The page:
Star Rating:

Prince Avalanche

Director: David Gordon Green

Actors: Emile Hirsch

Release Date: Monday 30th November -0001

Genre(s): Drama, Factual

Running time: 94 minutes

It's none more indie. Offbeat. subtle sense of humour? Check. Low key plotting? Check. Unusual jobs for the characters? Check. Not much happens? Oh, check. Double check that one right there.

Paul Rudd and Emile Hirsch's job is to repaint all traffic lines on the roads that were ravaged during the forest fire that ripped through a state park near Austin, Texas in 1987. Hirsch, the petulant teenager bored with the gig, rubs up against the uptight Rudd, who is dating Hirsch's older sister, sending a chunk of his wages home every week. As their time on the mountain draws to a close, simmering tensions begin to boil over.

And that's about it. I'm sure David Gordon Green, beating a hasty retreat from the mainstream comedy he dabbled in with the so-so Pineapple Express and the not-great-at-all Your Highness, will argue the Beckett influences and whatnot, but Prince Avalanche is like half a movie, an unfinished sketch. It's hard to grasp what the point of it all is (maybe there's no point - maybe that's the point) and why Green went to all this trouble to make a film about these two men.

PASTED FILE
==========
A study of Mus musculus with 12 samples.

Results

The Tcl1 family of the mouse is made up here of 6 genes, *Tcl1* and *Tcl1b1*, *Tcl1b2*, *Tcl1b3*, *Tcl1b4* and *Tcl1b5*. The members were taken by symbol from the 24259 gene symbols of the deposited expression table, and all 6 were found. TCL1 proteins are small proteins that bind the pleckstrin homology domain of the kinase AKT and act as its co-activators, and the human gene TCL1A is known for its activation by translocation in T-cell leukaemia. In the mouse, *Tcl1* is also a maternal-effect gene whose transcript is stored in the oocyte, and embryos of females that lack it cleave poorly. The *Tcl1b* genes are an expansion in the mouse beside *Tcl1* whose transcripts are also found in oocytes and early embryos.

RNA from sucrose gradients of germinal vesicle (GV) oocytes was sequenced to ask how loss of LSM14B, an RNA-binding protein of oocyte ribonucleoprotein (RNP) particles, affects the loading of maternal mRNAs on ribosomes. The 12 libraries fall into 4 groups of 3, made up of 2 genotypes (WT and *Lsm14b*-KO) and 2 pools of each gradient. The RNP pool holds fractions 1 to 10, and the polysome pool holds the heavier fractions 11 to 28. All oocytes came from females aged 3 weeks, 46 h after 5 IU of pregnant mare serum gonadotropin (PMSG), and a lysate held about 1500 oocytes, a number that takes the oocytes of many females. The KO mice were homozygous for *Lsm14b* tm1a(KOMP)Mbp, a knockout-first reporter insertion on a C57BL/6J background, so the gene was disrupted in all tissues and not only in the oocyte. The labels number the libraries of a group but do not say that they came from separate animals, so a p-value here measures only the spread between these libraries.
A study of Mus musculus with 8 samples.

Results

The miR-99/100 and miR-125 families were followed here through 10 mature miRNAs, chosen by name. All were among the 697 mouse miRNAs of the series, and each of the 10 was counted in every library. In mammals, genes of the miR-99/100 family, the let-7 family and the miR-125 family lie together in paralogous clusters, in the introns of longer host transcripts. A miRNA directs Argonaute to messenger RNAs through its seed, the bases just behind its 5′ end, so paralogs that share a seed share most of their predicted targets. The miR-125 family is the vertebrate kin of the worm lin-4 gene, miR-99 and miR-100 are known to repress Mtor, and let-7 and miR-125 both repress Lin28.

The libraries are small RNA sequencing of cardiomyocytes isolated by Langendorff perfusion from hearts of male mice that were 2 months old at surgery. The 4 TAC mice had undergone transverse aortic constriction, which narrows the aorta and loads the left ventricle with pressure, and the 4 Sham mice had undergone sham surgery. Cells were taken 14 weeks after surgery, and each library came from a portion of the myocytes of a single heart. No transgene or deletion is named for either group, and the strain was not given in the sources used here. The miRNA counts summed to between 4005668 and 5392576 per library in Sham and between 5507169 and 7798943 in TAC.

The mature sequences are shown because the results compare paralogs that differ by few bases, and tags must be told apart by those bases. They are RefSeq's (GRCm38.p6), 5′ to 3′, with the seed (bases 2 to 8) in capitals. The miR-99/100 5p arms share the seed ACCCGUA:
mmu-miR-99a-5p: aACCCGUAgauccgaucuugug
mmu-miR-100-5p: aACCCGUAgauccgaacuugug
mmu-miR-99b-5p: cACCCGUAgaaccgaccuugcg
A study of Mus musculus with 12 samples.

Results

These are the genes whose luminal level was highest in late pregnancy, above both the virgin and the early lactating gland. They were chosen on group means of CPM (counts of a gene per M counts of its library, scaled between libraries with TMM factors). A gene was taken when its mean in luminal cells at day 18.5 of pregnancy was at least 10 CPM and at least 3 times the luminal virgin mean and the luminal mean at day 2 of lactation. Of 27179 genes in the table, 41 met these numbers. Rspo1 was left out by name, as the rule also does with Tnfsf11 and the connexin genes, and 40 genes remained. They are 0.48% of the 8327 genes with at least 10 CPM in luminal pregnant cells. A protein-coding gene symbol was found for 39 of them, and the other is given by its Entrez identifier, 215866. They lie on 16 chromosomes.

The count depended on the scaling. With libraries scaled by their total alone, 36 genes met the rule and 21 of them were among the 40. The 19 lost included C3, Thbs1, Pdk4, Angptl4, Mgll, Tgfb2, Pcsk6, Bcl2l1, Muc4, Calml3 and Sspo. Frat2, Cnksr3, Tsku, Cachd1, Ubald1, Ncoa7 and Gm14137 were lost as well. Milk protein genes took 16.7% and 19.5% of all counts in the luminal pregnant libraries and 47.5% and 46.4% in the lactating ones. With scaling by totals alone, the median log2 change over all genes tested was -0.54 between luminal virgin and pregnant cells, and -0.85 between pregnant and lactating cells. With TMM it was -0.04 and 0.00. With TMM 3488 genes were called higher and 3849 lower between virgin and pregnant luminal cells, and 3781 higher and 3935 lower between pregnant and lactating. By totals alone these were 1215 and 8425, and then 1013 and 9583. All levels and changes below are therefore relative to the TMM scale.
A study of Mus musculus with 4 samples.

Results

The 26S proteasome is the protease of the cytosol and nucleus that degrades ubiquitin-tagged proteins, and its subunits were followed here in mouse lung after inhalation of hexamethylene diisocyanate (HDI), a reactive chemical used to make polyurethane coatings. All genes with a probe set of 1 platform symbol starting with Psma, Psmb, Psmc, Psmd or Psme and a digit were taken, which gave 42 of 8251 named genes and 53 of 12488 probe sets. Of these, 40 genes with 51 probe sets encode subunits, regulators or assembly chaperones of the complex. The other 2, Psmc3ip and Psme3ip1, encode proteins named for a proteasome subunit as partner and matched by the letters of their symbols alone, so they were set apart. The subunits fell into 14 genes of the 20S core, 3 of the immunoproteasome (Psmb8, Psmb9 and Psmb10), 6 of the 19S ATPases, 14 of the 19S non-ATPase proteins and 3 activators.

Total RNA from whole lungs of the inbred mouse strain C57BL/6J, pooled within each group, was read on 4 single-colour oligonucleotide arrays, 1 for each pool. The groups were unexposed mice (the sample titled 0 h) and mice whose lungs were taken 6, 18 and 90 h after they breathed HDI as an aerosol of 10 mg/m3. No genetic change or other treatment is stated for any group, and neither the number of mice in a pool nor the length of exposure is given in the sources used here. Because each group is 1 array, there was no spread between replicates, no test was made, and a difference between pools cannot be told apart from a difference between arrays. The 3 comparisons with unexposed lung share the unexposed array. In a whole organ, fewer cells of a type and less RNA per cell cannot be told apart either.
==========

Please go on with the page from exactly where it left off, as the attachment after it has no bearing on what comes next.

The audience certainly has enough time to ponder what they're watching because nothing of note happens. The guys paint traffic lines, talk, sleep in tents, are given bottles of beer by a friendly truck driver (LeGault), who may or may not exist, and reminisce with a strange woman (Payne) who lost her house in the blaze. Now, her? She definitely doesn't exist.

Rudd and Hirsch are wonderful, however - their performances the only reason to keep watching. It's an odd decision by Green to cast twenty-eight-year-old Hirsch as a teenager, especially when he looks like not-so-young Jack Black here, but Hirsch has fun with the nuances and affectations of being a horny and frustrated teenage boy. Rudd, in a polo shirt, shorts and a moustache, is almost unrecognisable; while he's still the old likeable Rudd underneath all that pent up tension, it's nice to see him branch out somewhat.

These two characters would have worked if they had something to do.